The sun has just set on a Friday and I am scampering past oncoming traffic in downtown Los Angeles. My destination? A long dormant corridor of this concrete jungle that has recently experienced a renaissance. Broadway in downtown is a thoroughfare full of history, the last vestiges of another era still linger (like the scattered bulbs that spell out Orpheum on a rooftop). But change is in the air and perhaps the Broadway Theatre District in downtown has yet to see its brightest days.
“Maybe the danger is part of the attraction,” said Cole Lundstrom, owner of Shirt Agency, a screen-printing company that operates out of downtown Los Angeles. “When you’re in a place like Burbank, you’re not in the same environment as downtown. It’s weird to walk your dog downtown, in Burbank you’re very very comfortable and very very safe.”
Whether it’s danger, brilliant architecture or a thriving night life, downtown Los Angeles has experienced a population bump in recent years. According to Los Angeles City Councilman Jose Huizar (who spoke with CBS recently), the population has grown from 10,000 to 50,000 in approx. ten years.
On May 21, 1917 when the Rialto Theatre first opened on Broadway, its neo-classical style and location made it a fixture in the district. As I hurry through evening foot traffic with Mr. Lundstrom in search of a meal I see the glowing lights of the Rialto’s marquee. This storefront offer perhaps a taste of the grandeur to come. The location is now an Urban Outfitters, a retail chain specializing in uber-chic clothes and home decor. The marquee has been refurbished and now looks likely more pristine than it did in 1917.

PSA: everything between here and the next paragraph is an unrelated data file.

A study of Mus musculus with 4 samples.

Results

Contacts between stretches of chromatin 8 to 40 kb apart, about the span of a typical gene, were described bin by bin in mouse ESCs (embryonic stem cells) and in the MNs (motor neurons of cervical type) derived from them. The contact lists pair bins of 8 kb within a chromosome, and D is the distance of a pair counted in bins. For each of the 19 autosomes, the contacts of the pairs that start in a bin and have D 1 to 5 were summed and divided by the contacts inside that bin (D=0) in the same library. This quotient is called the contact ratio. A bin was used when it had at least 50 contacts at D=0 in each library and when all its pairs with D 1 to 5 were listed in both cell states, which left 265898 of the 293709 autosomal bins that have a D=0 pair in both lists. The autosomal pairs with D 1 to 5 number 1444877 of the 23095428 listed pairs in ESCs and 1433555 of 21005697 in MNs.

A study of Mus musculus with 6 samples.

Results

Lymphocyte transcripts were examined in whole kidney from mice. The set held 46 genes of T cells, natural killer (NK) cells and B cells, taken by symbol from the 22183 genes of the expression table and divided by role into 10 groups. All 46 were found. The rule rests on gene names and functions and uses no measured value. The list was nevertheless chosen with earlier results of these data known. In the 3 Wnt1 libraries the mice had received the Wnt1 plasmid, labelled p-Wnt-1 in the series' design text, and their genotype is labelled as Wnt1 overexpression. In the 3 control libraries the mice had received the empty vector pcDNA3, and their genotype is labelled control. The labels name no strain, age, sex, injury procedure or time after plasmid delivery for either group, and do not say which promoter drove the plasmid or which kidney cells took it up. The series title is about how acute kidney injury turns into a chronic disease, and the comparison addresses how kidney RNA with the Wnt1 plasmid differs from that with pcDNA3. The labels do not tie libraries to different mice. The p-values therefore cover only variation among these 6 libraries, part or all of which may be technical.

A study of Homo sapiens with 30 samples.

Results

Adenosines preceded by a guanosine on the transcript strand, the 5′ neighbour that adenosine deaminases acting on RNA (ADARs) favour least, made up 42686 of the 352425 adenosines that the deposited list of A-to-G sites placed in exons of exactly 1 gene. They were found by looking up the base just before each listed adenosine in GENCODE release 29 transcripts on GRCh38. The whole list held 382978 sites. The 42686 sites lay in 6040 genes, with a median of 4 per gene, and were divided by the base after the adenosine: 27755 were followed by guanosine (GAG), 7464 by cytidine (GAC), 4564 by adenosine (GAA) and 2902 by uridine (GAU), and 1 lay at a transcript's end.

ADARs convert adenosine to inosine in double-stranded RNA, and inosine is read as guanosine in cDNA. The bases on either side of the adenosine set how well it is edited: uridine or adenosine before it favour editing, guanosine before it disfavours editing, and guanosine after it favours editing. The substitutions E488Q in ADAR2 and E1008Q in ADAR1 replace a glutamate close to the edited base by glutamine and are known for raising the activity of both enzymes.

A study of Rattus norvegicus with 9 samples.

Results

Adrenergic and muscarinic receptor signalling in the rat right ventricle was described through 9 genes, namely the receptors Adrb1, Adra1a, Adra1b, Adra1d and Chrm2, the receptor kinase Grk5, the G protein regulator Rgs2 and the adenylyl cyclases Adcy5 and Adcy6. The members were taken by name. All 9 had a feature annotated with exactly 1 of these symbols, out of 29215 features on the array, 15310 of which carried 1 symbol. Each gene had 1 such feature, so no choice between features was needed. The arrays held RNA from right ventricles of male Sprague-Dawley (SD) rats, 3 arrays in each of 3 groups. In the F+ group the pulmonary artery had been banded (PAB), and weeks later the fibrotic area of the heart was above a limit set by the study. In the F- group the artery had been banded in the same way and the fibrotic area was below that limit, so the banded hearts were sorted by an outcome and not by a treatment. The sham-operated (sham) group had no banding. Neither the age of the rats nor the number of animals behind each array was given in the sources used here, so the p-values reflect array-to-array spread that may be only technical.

“Slowly but surely I can pretty much guarantee you all these retail stores are going to get much nicer,” says Lundstrom of the street.
The new Ace Hotel, just opened; Tanner Goods, Aesop and Acne Studios are also coming to the neighborhood. Much of this progress is the end result of the city’s Bringing Back Broadway initiative, which aims to capitalize on the rich history and architecture in the district in an effort to make downtown a more accessible, commercial destination.
“If you’re trying to get some sort of experience and you’re trying to absorb downtown and now downtown offers you something that isn’t filthy, it’s pretty exciting,” says Lundstrom.